Denby, which makes stoneware in Derbyshire, was bought by John Ashcroft's fast-expanding home furnishings group in 1987. Stephen Riley, the managing director, was hired from Reckitt and Colman, and said the company 'benefited enormously' from its new owner, which invested pounds 3m in it. By 1989 Coloroll was, however starting to interfere, insisting on adding its name to Denby's long-established brand.
Mr Riley proposed a buyout, which was rejected. But when Coloroll went into receivership in June 1990, he was able to revive the deal rapidly and the buyout, the first of seven from Coloroll, was completed the next month. The highly leveraged pounds 6m deal was structured to give Mr Riley and three other managers 55 per cent of the equity, while 3i held the rest.
'It was one of those things which seemed like a tough deal at the time,' Mr Riley said yesterday. Within six months of the buyout, Denby's big retail customers had frozen their orders, following a disastrous Christmas, and the company went on to four-day working. But customer demand for the fashionable product continued to grow. 'We've never caught up with demand again,' Mr Riley said.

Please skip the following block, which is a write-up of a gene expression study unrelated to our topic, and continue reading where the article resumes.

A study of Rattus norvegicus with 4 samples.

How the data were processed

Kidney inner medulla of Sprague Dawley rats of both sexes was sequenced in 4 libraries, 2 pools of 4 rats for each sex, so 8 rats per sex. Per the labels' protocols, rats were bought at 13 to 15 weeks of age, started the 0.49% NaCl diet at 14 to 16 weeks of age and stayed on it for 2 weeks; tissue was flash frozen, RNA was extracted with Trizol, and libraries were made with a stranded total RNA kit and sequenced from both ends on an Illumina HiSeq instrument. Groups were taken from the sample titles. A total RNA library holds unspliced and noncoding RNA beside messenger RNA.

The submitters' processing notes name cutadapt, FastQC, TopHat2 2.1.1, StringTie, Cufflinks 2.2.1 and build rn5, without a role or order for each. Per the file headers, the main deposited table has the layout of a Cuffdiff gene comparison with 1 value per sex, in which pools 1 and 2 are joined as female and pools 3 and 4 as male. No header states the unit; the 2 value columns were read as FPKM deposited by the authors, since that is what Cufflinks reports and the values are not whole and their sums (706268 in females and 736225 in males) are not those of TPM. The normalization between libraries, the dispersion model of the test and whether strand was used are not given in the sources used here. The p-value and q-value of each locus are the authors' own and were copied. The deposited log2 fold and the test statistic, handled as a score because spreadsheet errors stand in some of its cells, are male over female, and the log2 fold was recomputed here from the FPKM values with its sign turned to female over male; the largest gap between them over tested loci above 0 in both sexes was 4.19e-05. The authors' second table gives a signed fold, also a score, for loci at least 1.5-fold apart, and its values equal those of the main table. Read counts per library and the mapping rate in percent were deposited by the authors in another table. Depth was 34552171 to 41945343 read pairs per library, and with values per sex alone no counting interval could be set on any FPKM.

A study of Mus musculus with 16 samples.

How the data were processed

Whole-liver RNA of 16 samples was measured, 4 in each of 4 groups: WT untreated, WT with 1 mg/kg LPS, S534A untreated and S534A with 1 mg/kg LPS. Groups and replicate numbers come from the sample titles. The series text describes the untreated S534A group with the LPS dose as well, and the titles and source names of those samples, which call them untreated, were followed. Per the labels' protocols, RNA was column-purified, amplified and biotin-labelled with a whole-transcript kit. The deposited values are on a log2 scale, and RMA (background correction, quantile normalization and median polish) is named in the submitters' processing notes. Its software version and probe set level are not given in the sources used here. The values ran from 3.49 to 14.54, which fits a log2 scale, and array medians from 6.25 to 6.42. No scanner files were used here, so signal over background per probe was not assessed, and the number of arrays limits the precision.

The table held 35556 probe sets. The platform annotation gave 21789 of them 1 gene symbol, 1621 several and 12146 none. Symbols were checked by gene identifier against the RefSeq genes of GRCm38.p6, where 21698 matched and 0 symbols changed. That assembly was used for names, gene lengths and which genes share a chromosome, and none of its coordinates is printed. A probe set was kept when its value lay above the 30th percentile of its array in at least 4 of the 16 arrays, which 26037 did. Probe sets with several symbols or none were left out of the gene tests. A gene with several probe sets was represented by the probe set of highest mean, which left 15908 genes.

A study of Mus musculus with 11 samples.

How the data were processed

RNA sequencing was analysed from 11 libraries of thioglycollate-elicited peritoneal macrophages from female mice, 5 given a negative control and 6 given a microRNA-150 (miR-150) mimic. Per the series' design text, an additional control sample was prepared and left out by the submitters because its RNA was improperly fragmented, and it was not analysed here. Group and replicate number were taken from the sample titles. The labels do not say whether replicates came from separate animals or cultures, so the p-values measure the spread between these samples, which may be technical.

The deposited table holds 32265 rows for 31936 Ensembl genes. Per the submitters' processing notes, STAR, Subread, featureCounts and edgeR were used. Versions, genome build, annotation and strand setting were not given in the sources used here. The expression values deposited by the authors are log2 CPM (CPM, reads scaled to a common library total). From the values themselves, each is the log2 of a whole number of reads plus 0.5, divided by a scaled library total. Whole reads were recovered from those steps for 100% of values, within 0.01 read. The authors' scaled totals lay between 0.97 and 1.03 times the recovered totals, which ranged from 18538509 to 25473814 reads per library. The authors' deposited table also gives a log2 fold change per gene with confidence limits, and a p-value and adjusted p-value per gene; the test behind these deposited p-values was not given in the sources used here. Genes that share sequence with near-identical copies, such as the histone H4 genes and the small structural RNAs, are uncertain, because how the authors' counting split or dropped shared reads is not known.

Denby has invested pounds 7m since the buyout, turnover has increased from pounds 9.7m to pounds 20m, and the workforce has grown from 390 to 650. Pre-tax profit in the year to last September was pounds 2.76m.
The directors and 3i are likely to sell half their stake in the flotation, which will consist of a public offer and a placing. The flotation will raise pounds 10m to pay off debts and fund new investment. Denby's brokers are Societe Generale Strauss Turnbull.
Mr Riley said the company would continue to expand in the US, where it has sales of dollars 2m (pounds 1.4m), and there may be acquisitions in the medium term. But, he said, 'the Coloroll experience will make us a lot more cautious'.